NetApp has insisted it is committed to its smaller partners operating in the SMB channel despite betting the next stage of its growth on the enterprise.
Throughout its Partners and Pathways event in Budapest this week, the vendor admitted some have accused it of taking its eye off the SMB space as it looks to the enterprise to drive the next stage of its growth. But it insisted this is not the case.
Dave Allen, NetApp's general manager for northern EMEA, said its push into the enterprise has actually been good for the SMB channel.
"We have had to segment the business and if anything, it is a stronger partner play because we need to outsource and service-enable partners in that space even more... so we can focus some of the time and effort we have on building out that diversification into the enterprise," he said.
"We have some fantastic partners in the UK – your Softcats and your Kelways and these kind of guys – that are driving tremendous volumes of business and I see there is an opportunity there with massive growth potential in it.
"The SMB is a tremendously important business to us. It's the foundation of our business. We are absolutely committed to that space."
Some 1,000 new NetApp customers have been won in the UK SMB channel alone last year, Allen said, and the vendor boasted a 66 per cent annual hike in its total bookings growth in the EMEA SMB market over the same period.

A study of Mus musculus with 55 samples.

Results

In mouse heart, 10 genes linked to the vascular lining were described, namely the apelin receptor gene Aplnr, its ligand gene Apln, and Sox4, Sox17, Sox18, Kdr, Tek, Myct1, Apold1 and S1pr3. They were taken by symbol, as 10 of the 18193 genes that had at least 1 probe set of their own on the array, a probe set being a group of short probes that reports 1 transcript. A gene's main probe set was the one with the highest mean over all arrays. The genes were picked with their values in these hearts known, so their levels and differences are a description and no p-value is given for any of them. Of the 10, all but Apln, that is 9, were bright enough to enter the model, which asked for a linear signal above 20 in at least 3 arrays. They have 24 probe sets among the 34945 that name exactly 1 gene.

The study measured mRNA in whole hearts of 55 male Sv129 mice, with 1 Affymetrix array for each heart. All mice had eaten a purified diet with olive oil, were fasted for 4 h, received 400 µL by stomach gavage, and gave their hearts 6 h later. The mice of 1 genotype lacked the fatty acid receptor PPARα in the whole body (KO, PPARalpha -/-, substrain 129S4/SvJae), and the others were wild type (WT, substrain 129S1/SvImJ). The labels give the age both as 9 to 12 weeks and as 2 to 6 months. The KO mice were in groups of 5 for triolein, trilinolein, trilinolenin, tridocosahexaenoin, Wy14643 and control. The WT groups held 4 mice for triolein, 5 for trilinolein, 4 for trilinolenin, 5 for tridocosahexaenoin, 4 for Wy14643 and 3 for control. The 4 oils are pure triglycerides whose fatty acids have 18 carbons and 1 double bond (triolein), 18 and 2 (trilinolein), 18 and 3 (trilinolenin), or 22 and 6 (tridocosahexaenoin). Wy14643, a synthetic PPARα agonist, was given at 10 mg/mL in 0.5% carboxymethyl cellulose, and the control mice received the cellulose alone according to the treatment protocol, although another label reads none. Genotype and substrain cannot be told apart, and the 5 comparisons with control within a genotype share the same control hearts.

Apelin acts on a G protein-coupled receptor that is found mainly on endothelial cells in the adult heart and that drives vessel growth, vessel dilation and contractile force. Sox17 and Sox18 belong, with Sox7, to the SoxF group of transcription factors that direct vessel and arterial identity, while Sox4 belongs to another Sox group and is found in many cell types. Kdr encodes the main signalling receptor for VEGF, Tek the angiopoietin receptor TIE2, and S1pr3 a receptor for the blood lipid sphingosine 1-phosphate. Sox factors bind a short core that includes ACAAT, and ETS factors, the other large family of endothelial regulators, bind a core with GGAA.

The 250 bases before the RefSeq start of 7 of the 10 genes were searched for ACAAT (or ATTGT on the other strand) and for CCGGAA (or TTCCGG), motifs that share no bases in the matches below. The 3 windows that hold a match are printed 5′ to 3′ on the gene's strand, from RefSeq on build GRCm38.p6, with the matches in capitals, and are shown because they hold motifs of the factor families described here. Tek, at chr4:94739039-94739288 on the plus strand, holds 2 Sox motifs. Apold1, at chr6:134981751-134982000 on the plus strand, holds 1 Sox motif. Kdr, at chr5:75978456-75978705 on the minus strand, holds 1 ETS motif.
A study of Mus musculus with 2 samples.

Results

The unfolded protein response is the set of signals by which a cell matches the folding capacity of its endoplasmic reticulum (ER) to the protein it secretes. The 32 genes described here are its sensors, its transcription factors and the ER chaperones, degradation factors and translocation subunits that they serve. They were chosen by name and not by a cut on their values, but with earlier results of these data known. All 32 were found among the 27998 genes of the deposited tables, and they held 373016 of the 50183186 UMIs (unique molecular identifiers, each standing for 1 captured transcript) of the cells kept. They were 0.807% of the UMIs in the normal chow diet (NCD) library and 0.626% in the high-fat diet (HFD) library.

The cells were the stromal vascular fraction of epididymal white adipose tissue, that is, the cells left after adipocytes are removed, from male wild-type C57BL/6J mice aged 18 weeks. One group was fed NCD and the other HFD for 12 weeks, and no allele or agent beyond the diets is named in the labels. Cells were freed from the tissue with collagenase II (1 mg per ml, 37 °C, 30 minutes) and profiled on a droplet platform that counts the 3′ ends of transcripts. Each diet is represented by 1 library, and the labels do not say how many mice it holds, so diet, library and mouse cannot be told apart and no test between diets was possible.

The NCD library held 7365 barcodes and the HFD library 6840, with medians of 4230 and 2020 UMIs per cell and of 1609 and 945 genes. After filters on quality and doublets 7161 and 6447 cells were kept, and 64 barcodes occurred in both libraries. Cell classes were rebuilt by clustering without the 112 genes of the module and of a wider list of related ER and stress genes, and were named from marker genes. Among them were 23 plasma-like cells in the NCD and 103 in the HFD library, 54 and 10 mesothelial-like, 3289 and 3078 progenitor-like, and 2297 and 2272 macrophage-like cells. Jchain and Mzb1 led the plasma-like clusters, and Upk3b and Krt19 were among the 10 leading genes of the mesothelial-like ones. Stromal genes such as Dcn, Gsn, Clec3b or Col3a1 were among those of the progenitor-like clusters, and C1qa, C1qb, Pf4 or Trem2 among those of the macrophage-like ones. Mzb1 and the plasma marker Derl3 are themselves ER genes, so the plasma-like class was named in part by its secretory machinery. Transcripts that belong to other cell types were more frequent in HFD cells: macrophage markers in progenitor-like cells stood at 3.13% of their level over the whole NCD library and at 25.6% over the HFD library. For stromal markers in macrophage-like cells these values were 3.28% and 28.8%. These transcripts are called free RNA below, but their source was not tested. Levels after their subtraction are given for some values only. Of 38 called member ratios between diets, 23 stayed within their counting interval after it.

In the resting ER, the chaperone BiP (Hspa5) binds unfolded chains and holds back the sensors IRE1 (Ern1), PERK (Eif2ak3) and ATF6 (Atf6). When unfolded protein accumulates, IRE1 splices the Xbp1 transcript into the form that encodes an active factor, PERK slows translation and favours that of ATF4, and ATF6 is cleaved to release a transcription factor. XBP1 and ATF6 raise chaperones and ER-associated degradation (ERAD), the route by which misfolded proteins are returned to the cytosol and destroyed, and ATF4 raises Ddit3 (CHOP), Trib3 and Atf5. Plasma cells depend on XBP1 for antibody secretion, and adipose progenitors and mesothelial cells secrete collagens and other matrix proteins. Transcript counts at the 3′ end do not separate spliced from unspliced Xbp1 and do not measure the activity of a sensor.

NetApp's senior vice president for global channel sales and alliances Thomas Stanley admitted the firm's design team focuses on enterprises' needs first.
"Product development has to be [focused on] the enterprise because it is the most complex and the most diverse, so if we design there, there are things we can take to the SMB that they benefit from," he said. "When you're new to the market, you start with the simplest design and then grow, but as a mature company in the market – which we are – you start with the largest market and design back."
But he said the firm has taken SMB-friendly steps such as creating simplified configurations of its tech and offering single product SKUs to partners so they can still cash in.
NetApp said both the mid-market and enterprise partners have a key role to play in the next stage of its growth, which it admitted has stalled for some time.
For its latest fiscal year, which ended 25 April, NetApp's net revenue stood at $6.33bn (£3.77bn) – the same as the year before – something it admitted it was not happy with.
Allen said in his address to partners that growth is the only piece of the jigsaw NetApp is currently missing.
"I'm not happy. I don't know how anyone can be happy in reality with that [flat growth]," he said.
"We've grown market share, that's great – we are competing. You can look at those flat years and say revenue was flat, but we have just come through the hardest part of one of the biggest product transitions in the company's history, positioning us for the fight for the enterprise.
"The optimist in you could say they were three of the best years we've ever had and we've just repeated the three best years we've ever had from a revenue perspective. But the growth is inconsistent."